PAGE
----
Transmetropolitan Art Book Spins Spider Jersusalem’s Angry World
Artists reimagine the wild, dystopian world of Transmetropolitan in a new book that honors the legacy of Warren Ellis and Darick Robertson’s classic comic book series. The art book, exclusively previewed in Wired.com’s gallery above, expertly distills the comic’s seething cyberpunk world view — for charity.
Anchored in the arch rage and madcap antics of outlaw journalist Spider Jerusalem, Transmetropolitan mercilessly mocked media, politics, technology and commodification during a five-year run that ended in 2002. But according to Robertson, the comic’s syringe-sharp satire is needed now more than ever, in a new millennium drowning in cutthroat commerce, propaganda and paranoia.
“The future that Spider inhabits in Transmetropolitan seems more likely every year,” Robertson said in an e-mail chat with Wired.com.
The art book — funded by Kickstarter donations with profits going to the Comic Book Legal Defense Fund and The Hero Initiative, a nonprofit that provides aid to comics creators — brings together various artists’ interpretations of Transmetropolitan’s characters and locales.
“Transmetropolitan is one of those rare works that functions as a compelling genre story, perceptive science fiction and cutting social satire all at the same time,” said Charles Brownstein, executive director of Comic Book Legal Defense Fund, in an e-mail to Wired.com. “The series uses edgy, and sometimes taboo, topics to address the changes that are happening to our society, and that’s what expressive speech is supposed to do. Transmet does it exceedingly well.”
Brownstein said it’s the kind of art that gets people agitated — and motivated — to produce constructive social changes.
“We need the idea that it’s not only OK, but it’s a moral duty to speak truth to power when power is abusing people,” said Brownstein. “Spider Jerusalem is a protagonist who embodies that idea in a way that, when you close the last page of any given book, you’re angry and want to do something about it.”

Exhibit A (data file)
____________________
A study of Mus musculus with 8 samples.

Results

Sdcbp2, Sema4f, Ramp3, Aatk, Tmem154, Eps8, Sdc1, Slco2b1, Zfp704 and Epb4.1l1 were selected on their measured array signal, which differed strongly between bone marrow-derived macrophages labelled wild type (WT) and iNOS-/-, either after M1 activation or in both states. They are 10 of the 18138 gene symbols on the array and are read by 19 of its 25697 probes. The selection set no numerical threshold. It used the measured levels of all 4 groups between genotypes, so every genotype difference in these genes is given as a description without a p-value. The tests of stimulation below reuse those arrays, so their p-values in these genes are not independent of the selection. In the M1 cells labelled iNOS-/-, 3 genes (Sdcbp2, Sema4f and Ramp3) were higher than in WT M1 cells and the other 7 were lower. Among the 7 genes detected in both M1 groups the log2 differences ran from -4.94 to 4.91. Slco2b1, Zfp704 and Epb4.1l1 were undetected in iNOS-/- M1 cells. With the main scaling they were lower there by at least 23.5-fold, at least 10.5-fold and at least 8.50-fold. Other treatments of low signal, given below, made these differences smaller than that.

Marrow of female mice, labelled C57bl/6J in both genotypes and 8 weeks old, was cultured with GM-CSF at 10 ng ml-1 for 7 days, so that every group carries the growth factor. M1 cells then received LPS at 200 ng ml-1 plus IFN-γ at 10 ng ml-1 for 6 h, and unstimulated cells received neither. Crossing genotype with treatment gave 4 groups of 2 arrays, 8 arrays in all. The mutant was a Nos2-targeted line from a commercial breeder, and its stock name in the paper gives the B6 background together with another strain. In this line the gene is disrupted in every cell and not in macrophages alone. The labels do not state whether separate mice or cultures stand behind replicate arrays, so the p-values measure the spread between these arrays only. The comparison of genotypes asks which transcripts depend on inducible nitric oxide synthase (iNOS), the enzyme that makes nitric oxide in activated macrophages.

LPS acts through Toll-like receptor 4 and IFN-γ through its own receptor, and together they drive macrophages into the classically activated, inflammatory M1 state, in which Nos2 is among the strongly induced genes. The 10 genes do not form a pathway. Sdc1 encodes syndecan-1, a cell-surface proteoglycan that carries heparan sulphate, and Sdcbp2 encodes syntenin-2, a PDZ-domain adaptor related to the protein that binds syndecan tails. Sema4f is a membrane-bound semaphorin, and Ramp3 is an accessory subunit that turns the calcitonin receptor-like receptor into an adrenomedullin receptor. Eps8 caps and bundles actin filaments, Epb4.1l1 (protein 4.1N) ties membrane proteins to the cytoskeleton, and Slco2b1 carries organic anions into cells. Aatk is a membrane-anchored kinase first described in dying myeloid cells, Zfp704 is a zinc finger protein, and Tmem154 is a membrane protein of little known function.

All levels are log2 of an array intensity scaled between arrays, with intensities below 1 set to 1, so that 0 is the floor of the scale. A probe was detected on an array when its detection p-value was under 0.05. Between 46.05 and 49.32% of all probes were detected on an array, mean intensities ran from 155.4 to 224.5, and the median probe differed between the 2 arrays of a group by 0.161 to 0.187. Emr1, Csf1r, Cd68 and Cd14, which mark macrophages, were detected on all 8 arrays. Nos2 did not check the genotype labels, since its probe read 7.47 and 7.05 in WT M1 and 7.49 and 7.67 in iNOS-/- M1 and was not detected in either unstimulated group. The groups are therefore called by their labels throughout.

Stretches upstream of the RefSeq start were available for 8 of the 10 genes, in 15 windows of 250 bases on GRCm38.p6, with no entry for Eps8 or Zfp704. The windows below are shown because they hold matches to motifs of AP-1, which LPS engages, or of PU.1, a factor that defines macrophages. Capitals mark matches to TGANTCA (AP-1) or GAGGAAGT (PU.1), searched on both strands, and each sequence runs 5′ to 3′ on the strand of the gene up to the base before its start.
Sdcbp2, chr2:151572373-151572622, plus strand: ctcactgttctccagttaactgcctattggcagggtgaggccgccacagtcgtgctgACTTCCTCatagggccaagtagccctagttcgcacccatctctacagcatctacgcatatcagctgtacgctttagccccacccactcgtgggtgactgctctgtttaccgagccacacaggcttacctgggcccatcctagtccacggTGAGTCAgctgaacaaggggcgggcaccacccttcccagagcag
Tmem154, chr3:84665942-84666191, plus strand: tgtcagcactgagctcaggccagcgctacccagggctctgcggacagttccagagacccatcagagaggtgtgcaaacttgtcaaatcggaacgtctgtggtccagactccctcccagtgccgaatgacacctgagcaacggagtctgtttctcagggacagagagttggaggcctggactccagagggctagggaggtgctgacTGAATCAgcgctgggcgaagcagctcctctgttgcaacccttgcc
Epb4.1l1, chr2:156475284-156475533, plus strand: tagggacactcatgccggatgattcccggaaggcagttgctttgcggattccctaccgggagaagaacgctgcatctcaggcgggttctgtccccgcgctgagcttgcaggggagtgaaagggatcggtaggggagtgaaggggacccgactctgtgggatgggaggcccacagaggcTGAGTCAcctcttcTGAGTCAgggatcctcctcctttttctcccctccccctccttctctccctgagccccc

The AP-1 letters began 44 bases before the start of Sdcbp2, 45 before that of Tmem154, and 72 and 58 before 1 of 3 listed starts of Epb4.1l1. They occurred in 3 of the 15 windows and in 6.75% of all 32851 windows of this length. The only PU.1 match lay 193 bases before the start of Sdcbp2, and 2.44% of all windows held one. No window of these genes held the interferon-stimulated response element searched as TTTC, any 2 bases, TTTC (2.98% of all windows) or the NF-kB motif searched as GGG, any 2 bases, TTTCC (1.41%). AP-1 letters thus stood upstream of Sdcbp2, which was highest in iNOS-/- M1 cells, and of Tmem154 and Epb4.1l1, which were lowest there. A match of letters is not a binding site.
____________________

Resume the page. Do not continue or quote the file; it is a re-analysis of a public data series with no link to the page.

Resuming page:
That might not be enough at this stage of the geopolitical confidence game, if you ask visionary writer Ellis. He’d be much happier to find Spider Jerusalem clones spawning across planet Earth.
“I’d rather we had more real journalists like Matt Taibbi or Laurie Penny or Jake Adelstein,” he told Wired.com in an e-mail. “Rather than monkeys on content farms, or lizards who lie for coins.”
The charity art book originated after a Transmetropolitan fan approached Robertson with the idea. Robertson contributed new art to sit alongside inspired work by talents like Jim Calafiore, Cliff Chiang, Molly Crabapple and Cully Hamner, while Ellis provided a patently sharp foreword.
Shepherded into being by Robertson and project manager Susan Auger, the Transmetropolitan art book will be published by San Francisco-based Pirates Press. The book was solely funded through Kickstarter and the print run will be limited to a few thousand copies. Most will become property of the project’s online backers once the book ships May 23, but the Comic Book Legal Defense Fund and the Hero Initiative should have copies available in late spring.
So what about the Transmetropolitan film adaptation, which has been stuck in development hell for years? The comic’s profane and brilliant text and art might still be too hard-core for 21st-century lightweights, and Ellis said fans should forget about it.
“We explored that route a bit in the early ’00s,” he said. “But at this point, I’m quite happy for Transmetropolitan to exist only as the books we created, in the way we intended.”
Robertson, however, still holds the torch for an adaptation — as long as it’s free of the kind of watered-down pap that continually sent Spider Jerusalem into spastic fits of rage and violence in the comic’s pages.
“I would love to see a faithful film or hard-hitting TV series created,” Robertson said. “My first choice was always Tim Roth to play Spider. He’d still be perfect. And I would love to see Darren Aronofsky direct.”
Until then, Transmetropolitan fans are left with the comic series, which turns 15 next year, and the fan-fueled art book, to keep the memory of the fearless, deranged journo alive.
“Spider Jerusalem is needed more than ever,” Brian Pulido, who sits on Hero Initative’s board of directors, told Wired.com in an e-mail interview. “A voice of reason in an unreasonable world is a welcome relief.”